History

Tourism Bell Island was formed in 2009 in an effort to develop a new economy for the island that lost its main industry in 1966. The loss of iron ore mine on Bell Island decimated the island and over the years the island’s population dropped from 15,000 people down a little under 3,000. Since the closure of the mines in 1966, many schemes have been hatched to develop Bell Island and to give it a future that will resemble the economy and livelihood once had. Projects from opening up the mines for iron ore mining to storing toxic garbage and oil in the shafts have been dreamt about and eventually discarded.

Tourism Bell Island Inc. has taken a very different and unique approach to the re-development of the island. This organization believes that the way to bring Bell Island back to its prosperous past was to develop the future in three distinct areas.

 

  1. Tourism is an industry that is growing world wide by leaps and bounds and Newfoundland and Labrador is no exception. Bell Island is strategically located in the middle of the most populated area of Newfoundland. It sits in the middle of Conception Bay, just a short 20 minute ferry ride from St. John’s. The ferry terminal is located in Portugal Cove and a schedule is attached under the heading (FERRY SCHEDULE) on this website. You will see through this website, the history, folklore and culture that are unique to Bell Island and the island’s historic place in North America and Europe.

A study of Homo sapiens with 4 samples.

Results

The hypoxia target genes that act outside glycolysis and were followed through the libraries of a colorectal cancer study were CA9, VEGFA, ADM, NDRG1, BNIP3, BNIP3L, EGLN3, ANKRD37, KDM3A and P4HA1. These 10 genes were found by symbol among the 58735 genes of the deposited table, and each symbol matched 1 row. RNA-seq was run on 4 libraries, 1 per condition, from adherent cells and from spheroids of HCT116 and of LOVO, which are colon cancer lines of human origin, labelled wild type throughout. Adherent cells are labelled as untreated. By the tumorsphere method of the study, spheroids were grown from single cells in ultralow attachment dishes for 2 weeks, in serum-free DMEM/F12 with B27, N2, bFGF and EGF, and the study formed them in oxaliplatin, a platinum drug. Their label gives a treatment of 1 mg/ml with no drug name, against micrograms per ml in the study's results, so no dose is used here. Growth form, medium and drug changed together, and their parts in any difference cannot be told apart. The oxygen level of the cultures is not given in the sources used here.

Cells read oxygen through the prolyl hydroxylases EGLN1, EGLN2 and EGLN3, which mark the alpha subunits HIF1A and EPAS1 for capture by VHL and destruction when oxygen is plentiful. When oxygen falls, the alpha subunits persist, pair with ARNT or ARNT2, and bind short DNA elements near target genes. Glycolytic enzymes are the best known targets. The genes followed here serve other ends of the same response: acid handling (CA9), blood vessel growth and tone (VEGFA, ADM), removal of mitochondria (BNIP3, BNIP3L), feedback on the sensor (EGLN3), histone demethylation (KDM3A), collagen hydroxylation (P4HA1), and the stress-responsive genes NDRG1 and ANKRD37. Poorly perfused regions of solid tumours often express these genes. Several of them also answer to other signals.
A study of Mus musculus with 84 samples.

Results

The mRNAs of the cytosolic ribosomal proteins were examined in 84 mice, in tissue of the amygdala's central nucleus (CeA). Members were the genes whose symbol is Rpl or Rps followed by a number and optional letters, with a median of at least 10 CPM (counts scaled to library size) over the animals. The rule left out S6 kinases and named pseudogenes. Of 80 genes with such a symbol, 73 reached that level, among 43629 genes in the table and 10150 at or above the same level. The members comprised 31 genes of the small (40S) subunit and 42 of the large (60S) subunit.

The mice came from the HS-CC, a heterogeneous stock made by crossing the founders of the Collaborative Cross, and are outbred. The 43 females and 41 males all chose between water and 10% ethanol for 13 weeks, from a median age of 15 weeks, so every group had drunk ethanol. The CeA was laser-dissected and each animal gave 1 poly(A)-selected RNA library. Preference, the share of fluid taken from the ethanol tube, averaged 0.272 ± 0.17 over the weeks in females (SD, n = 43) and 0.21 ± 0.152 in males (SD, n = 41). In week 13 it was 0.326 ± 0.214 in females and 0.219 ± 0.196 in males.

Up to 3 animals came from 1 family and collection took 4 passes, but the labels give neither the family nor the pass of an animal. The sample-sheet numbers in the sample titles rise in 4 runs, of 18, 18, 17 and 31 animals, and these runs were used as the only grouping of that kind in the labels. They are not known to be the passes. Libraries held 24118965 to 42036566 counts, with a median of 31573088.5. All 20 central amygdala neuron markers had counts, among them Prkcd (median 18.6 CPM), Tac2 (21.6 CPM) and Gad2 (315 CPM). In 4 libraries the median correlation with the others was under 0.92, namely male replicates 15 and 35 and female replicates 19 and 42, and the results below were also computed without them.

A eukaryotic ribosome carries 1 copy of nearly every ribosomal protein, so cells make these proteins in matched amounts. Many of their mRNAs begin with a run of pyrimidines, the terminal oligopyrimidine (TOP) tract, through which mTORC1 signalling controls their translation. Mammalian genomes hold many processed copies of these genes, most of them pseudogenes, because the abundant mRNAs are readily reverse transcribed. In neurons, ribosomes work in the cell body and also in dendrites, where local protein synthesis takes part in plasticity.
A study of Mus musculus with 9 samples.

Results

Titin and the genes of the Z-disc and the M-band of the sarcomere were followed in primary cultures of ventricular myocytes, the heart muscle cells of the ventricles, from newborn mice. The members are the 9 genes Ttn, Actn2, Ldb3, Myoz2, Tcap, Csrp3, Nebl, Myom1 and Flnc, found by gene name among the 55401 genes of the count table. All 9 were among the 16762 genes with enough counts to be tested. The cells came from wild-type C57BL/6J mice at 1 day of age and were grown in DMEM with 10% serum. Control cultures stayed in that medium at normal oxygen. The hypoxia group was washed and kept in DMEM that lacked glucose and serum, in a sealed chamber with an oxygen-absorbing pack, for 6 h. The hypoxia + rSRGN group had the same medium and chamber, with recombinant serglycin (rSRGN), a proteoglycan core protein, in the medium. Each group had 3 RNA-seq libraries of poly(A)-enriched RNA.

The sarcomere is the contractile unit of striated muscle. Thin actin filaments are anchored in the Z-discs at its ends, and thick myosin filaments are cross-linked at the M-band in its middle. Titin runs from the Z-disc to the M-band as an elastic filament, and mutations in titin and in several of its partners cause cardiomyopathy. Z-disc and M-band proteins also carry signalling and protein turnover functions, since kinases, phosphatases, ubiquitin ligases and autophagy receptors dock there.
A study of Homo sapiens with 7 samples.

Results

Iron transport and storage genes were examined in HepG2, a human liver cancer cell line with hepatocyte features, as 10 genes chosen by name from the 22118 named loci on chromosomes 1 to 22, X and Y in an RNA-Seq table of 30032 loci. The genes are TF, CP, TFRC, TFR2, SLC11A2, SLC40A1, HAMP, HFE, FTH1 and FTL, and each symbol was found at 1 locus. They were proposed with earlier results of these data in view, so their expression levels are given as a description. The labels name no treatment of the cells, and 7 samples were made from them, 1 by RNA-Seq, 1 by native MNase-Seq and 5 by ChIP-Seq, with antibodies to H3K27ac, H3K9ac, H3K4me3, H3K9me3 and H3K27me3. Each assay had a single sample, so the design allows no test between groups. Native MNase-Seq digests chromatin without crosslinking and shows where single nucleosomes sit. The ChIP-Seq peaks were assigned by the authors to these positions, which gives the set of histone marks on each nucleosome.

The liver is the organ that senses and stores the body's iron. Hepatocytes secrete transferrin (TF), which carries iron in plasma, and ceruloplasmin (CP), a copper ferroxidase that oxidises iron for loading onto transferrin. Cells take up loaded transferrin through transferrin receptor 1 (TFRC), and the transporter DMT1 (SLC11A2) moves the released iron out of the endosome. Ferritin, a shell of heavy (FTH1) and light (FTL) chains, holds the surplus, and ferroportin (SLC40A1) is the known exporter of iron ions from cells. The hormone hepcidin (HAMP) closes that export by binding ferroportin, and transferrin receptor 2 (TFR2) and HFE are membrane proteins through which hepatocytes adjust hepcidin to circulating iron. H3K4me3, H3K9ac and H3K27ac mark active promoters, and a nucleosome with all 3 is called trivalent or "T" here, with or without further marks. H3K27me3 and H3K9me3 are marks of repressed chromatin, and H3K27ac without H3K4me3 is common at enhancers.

2. Agriculture is an industry that is being vigorously pursued by Tourism Bell Island Inc. Originally Bell Island was settled in 1740 as a farming community. Iron Ore mining did not come into being until 1895. At that time Bell Island had over 1,100 residents and was known as the Bread Basket of the Avalon Peninsula. Farming and fishing were major industries here. With the advent of mining: farming started to until finally it became just small back yard vegetable gardens. Ultimately, the saddest part is that Bell Island possessed and still possesses some of the most fertile farmland in the province as a whole and with urban sprawl taking place in St. John’s, the island is now positioned to regain its place in the farming industry as the bread basket of the Avalon Peninsula. Small ventures into farming by Tourism have just begun and there are larger initiatives planned for immediate future.

  3. Marina Development is a high priority for Tourism Bell Island for Bell Island because it will decrease its reliance on the public transportation system while at the same time allowing visitors who are private boat owners to come and go as they choose. The beginnings of a marina development which includes a baot launch and soon to be cribbing have already taken place in the area of Dominion Pier, which at one time was one of the main piers used for shipping iron ore. The pier itself is a deep water port with a depth of 200’ just meters from the beach. It is strategically located with one road in and one road out, making security for the marina a much easier job to police when the time becomes necessary.